NEW YORK – Actress Isla Fisher has been in over-the-top comedies, romantic comedies, and dramas over the years, but her latest role playing the Tooth Fairy in the holiday-timed “Rise of the Guardians” may be her favorite. As a mother of two and wife to funnyman Sacha Baron Cohen, she has one creative household. Fisher tells Fox 411 about introducing family traditions, and how she’s not sure if the mythical Tooth Fairy will be one of them.
Fox 411: Did you have the Tooth Fairy growing up?
Isla Fisher: Yes I did… I feel like the first tooth that my mom put money under my pillow and the rest of the time it was just like ‘mom I lost a tooth’ and she’d dig in her bag and just give me 20 cents or a dollar or something.”
Fox 411: What in your house now, is that something that you’re going to do?
IF: I don’t know yet. I think it just, I haven’t decided yet. We’re just getting teeth, we’re not losing them yet.
Fox 411: Are traditions like that important to you, to keep going?
IF: Well, it’s funny because before I had kids I would say it’s a no brainer, I’m definitely going to do the Tooth Fairy thing. And once you have kids it’s just super hard to lie to them, like I’ve never lied to my kids about anything. Luckily they haven’t asked me about the birds or the bees or anything that I would find challenging to be honest about. But I don’t know. It’s a big question whether or not, you know, a part of them maybe doesn’t trust you ever again once you finally break that news that you created a mythical creature that’s been visiting them every tooth they lost for years.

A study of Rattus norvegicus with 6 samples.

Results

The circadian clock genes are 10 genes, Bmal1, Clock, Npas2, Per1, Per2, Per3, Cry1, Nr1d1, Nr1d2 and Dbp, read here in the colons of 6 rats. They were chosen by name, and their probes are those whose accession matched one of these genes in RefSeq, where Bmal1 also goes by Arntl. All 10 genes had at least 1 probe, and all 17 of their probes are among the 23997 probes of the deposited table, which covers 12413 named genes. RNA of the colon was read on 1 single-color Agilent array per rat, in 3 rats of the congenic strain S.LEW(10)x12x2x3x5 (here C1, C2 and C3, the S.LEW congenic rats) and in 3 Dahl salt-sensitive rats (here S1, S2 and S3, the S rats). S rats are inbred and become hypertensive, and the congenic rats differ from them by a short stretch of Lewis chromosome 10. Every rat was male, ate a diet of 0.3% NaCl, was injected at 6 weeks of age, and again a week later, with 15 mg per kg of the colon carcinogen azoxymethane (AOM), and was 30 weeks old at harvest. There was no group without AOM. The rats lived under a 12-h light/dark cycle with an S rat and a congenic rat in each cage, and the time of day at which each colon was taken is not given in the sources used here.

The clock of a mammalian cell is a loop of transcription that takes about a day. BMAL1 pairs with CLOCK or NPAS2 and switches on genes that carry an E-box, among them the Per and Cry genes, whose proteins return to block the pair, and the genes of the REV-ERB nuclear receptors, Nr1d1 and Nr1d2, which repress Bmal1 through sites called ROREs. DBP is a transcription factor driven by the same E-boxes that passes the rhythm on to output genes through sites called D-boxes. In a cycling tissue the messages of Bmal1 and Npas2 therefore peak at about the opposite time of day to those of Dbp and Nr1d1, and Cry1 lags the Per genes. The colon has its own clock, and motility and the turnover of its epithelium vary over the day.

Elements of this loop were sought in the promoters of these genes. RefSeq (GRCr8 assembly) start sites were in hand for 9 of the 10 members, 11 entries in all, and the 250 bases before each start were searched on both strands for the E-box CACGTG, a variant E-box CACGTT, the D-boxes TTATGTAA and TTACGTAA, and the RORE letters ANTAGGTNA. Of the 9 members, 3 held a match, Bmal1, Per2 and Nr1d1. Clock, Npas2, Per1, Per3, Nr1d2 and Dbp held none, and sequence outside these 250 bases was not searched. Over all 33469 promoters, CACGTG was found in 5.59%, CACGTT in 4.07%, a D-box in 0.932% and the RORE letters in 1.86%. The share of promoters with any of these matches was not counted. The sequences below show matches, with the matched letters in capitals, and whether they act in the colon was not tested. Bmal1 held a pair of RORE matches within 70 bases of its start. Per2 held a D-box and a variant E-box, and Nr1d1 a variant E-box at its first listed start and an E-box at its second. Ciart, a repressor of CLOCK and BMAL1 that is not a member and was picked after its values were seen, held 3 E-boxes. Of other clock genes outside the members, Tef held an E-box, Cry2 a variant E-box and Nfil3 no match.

Fox 411: You obviously have a very creative household, would you guys ever establish your own traditions, not related to a "normal" holiday.
IF: (jokes) Just have Borat day, Borat where everybody just wears a green thong! We do have a lot of family rituals and they’re kind of personal, but we do. We definitely enjoy those.
Fox 411: Obviously you’ve mixed up your roles, covered the gamut, so is doing a film like this inspired because you have kids?
IF: No, this movie, I’m a big fan of Jeffrey Katzenberg and Dreamworks, obviously, and I love the artwork for this and the pitch for this. For me it was like wow, it felt like this could be a classic movie, the themes in the movie. Protecting child innocence, fear versus hope… there were no popular culture references, there were none of the usual slapstick-y cartoon stuff. It just felt like this is sweetly earnest.
Fox 411: Why do you think this could be a parent and kid movie and appeal to both?
IF: I think that kids should be over 6 or 7 to see this movie, definitely, because there are some frightening elements. But I think that mothers and fathers and grandparents and everyone will get something from this film. Because we all connect to these figures, you know. They’ve all been a part of our childhoods.